When I was in college, I was a fan of Milli Vanilli. I found their tunes to be catchy, and Rob Pilatus, a looker. But when the truth came out about their lip-synching, my roommate and I ripped the poster of the duo right off our dorm room wall. Not that same thing at all, but sort of, maybe?

I am not a regular concert goer. In fact, if I stopped and counted, I bet I could not come up with much more than a dozen concerts I have attended in my lifetime (if I count local bands/bars, the number is much, much higher). The reasons for the lack of concerts are varied, but money and convenience are big factors.

Which brings me to the point of this post. I think that Chris Brown is a total jerk. Having volunteered at a domestic violence shelter for almost two years, about 20 years ago, I see violence against women (and towards anyone, really), in a different light than many, I suppose (not that most people would ever condone it). Believe me, it is terribly unsettling to have to photograph women with bruises on their backs. And it is practically other worldly when you see someone you know come into the shelter.

But here is the thing: I like Chris Brown's music. I would never attend one of his concerts, even if I was a regular concert goer. And I never would have bought any of his albums. That is, until just a few weeks ago, I bought one of his singles, "Don't Wake Me Up," from iTunes, as it has been one of my favorite songs for awhile (I just recently starting buying music via iTunes). And I feel guilty about it. Though, to be fair (and I know I am also rationalizing), the woman he beat up, Rihanna, got back with him some time later. I don't think they are together anymore, but I don't really know.

But I think about these things, supporting people or companies that do immoral, illegal, or just things in general I don't agree with. I consider myself to be pretty principled, but sometimes I just want to eat food from a place that may have different values than I have. Sometimes I really enjoy a show or a band, even though the actors or singers are absolute a-holes. I almost feel complicit, and I am not sure if I should.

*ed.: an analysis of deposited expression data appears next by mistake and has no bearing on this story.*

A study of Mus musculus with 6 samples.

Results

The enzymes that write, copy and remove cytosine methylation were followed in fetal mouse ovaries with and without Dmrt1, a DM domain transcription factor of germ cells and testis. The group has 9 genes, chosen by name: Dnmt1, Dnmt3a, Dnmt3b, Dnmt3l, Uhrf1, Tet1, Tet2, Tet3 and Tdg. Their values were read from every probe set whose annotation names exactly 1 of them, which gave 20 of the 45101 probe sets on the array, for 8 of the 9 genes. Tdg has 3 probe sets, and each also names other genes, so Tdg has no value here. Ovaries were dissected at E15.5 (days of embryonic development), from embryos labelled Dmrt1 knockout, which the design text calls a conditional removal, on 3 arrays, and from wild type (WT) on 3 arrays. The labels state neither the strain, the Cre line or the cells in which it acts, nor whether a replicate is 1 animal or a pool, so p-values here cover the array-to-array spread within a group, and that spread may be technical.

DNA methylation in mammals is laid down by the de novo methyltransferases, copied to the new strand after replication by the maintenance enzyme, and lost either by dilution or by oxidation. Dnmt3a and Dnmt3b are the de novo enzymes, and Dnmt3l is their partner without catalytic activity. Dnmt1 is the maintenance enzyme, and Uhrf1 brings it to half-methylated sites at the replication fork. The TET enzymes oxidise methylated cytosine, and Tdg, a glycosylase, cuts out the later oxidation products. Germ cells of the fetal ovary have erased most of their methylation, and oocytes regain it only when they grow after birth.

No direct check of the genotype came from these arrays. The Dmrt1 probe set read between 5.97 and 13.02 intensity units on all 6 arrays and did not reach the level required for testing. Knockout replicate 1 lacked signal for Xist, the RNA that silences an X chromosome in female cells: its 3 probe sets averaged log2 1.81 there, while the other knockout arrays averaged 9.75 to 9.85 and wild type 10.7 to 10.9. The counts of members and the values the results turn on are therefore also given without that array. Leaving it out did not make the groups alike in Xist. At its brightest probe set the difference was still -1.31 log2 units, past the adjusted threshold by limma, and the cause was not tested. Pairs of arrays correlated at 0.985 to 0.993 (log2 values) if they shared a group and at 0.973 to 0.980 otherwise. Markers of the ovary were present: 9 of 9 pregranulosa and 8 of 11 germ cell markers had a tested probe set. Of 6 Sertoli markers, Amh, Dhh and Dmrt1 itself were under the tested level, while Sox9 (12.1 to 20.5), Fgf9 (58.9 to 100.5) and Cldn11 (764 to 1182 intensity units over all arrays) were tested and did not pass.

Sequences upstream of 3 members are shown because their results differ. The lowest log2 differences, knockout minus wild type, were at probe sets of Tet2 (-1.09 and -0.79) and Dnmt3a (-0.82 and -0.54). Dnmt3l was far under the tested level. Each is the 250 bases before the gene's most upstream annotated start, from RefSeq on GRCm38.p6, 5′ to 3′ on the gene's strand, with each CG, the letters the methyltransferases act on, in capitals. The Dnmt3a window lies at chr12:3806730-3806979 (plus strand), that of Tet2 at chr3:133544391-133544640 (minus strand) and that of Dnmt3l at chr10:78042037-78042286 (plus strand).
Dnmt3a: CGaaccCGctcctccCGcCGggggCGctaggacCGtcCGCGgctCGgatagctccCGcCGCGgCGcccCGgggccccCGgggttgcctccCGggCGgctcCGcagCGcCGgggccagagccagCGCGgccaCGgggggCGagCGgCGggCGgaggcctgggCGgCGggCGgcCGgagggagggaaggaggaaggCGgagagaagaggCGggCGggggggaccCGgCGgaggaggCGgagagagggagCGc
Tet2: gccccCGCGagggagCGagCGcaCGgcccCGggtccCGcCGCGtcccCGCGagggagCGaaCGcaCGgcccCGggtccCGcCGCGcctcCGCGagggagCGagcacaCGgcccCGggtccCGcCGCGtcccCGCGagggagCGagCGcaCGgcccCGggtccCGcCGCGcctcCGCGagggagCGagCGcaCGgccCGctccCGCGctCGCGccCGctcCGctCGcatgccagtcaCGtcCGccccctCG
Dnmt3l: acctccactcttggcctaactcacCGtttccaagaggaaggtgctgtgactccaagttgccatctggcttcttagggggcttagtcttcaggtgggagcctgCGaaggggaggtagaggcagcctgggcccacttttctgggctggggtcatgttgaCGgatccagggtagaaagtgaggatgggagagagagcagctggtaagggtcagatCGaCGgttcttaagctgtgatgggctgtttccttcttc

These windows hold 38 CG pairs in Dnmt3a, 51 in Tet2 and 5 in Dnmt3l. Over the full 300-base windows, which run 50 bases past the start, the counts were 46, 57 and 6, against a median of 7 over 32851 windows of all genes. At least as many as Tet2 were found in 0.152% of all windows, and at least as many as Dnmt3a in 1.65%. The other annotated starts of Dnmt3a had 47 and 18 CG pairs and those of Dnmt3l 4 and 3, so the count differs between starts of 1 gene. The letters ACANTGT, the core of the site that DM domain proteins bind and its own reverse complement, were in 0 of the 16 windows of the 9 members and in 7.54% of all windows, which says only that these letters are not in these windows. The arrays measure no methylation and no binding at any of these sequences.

Sometimes I don't quite get the point people are trying to make when they boycott things. I love when I read a rant about a company that is anti-gay, immigrant, veteran, woman, something, and then that person still shops at or supports other companies that many be against one of those very things, but they just don't know it.

Recently, some students at CMU dumped out a bunch of cans/bottles of Cokes in protest of Coke's sponsorship of the Olympics, which will be in the anti-gay Russia. Some students said "corporations should use their power to make change in countries that need it" and that "We targeted Coca-Cola specifically because they are something that college students can make the decision not to drink every day."

How is it Coke's fault that Russia condemns gays? And by boycotting Coke (and keep in mind they had to go out and buy Coke to be able to dump it), couldn't they ultimately hurt all the athletes? To be fair, I don't know how these sponsorships work, but I have to think that the athletes are benefiting from the sponsorships at least indirectly.

How far do you take your beliefs and values?

Let's say that there are a few pizza places in your town. You find out the Pizza Place A openly condemns gays, which bothers you tremendously (or they are in full support of traditional marriage, which you appreciate as you are very conservative). Do you no longer buy pizza there because their values are different? Let's say you do, do that. What happens when you find out that Hamburger Place A feels the same way. To be consistent, do you now boycott that place? When does it end?

I am asking, because not only do I not want to feel like a hypocrite (and I think I am kind of one because I spent $1.99 or whatever it was on that Chris Brown song), but I want to understand what others do?




LaLa said…
Hmm, not sure what I would do. It's not like you are standing around praising the guy. I mean look at all the nuts who cheer on their favorite athlete and singer when they get released from prison. I guess I would not knowingly buy something from someone who was an a-hole. But if I had bought stuff already and found out I would not burn it either. I am willing to cut you some slack since you bought one song. But don't let it happen again. :) And I don't get the CMU kids doing the coke dump either.